Screening, Evaluation and Placement Procedures

The Slippery Rock Area School District uses the following procedures as required by law for locating, identifying, and evaluating the specialized needs of school-age students who may require special programs or services and identifying and evaluating specialized needs of school-age students who may require special programs or services. 

Routine Screenings and Assessments 

Classroom teachers continually assess: 

      1.  Gross motor and fine motor skills 
      2.   Academic skills 
      3.  Social emotional skills 

The district routinely conducts screening of: 

Children's hearing acuity (grades K, 1,2,3, 7 and 11) 
Visual acuity (all grade levels) 
Speech and language skills (kindergarten and teacher referral) 

Identified needs from all of these screening sources are noted within the child's official file.
  1. These school records are available to parents and to school staff who work with the child on a direct and indirect basis. 

  2. Information from the records is released to other persons or agencies only with an appropriate authorization which requires written signed permission by parents. 

    If Additional Support is Indicated 

    If a child needs additional intervention, the Child Study Team will convene to identify, implement and document interventions to address the child's area(s) of concern. 

    1.   Parents/guardians will be notified if their child is referred to Child Study and is encouraged to be an active participant in this process. 

    2.   If a child does not make progress with intervention, parents will be asked to give written permission for a multidisciplinary evaluation. (MDE)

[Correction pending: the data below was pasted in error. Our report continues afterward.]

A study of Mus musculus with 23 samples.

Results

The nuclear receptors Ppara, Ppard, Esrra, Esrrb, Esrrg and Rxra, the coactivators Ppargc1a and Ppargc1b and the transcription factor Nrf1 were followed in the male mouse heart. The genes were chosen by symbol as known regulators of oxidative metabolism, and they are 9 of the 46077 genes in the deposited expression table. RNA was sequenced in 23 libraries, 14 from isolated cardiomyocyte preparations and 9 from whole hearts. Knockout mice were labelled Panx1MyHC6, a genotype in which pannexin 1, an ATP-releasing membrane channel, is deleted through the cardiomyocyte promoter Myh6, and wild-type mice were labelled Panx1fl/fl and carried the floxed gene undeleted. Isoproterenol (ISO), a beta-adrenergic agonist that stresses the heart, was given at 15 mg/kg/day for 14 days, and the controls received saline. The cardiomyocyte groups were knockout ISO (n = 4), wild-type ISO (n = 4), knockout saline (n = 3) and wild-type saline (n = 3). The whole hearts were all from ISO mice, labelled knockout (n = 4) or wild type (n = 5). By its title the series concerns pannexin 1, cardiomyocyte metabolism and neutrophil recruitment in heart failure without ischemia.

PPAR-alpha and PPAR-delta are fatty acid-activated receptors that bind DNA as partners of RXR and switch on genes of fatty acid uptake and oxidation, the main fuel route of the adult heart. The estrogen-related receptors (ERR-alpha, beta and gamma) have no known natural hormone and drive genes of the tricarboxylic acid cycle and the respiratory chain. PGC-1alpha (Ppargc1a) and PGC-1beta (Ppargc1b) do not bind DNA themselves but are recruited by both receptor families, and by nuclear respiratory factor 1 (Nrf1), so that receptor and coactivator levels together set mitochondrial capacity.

3. The evaluation will be coordinated by the district school psychologist who will also participate in the evaluation process. 

    Evaluation Record 

    An Evaluation Report (ER) will be completed with parent involvement after all assessments are completed. 

    1. This Report will include specific recommendations on how to help the child as well as whether the child is eligible for any special education supports and services.
    2. Parents/guardians are then invited to participate in a meeting where the results of this multidisciplinary evaluation will be reviewed and an Individual Educational Plan (IEP) will be developed for those students who are eligible for special education services. 


    An Individual Education Plan (IEP), is a written statement for each child with a disability that is developed, reviewed, and revised in accordance with this section and includes: 

    1. The child’s present levels of academic achievement and functional performance. 

    2. How the disability affects the child’s involvement and progress in the general education curriculum.
    3. Statement of transition services--required for students 14 years of age and older or as deemed appropriate by the IEP team. 

    4. A statement of measurable annual goals, including academic and functional goals designed to meet the child’s needs that result from the child’s disability to enable the child to be involved in and make progress in the general education curriculum. 

    5. A statement of the special education and related services and supplementary aids and 
    services, based on peer-reviewed research to be provided to the child or on behalf of the child.
    6. An explanation of the extent, if any, to which the child will not participate with children who are non-disabled in the regular class. 

The IEP team is a group of individuals composed of:
Parents/guardians of the child with a disability, one or more regular education teachers, one or more special education teachers, an LEA representative, any related service providers, and when appropriate the child with the disability.
The IEP team can review a child's IEP periodically, but not less than annually. At the conclusion of an IEP meeting, the child's educational placement is determined, and a Notice of Recommended Educational Placement (NOREP) is issued.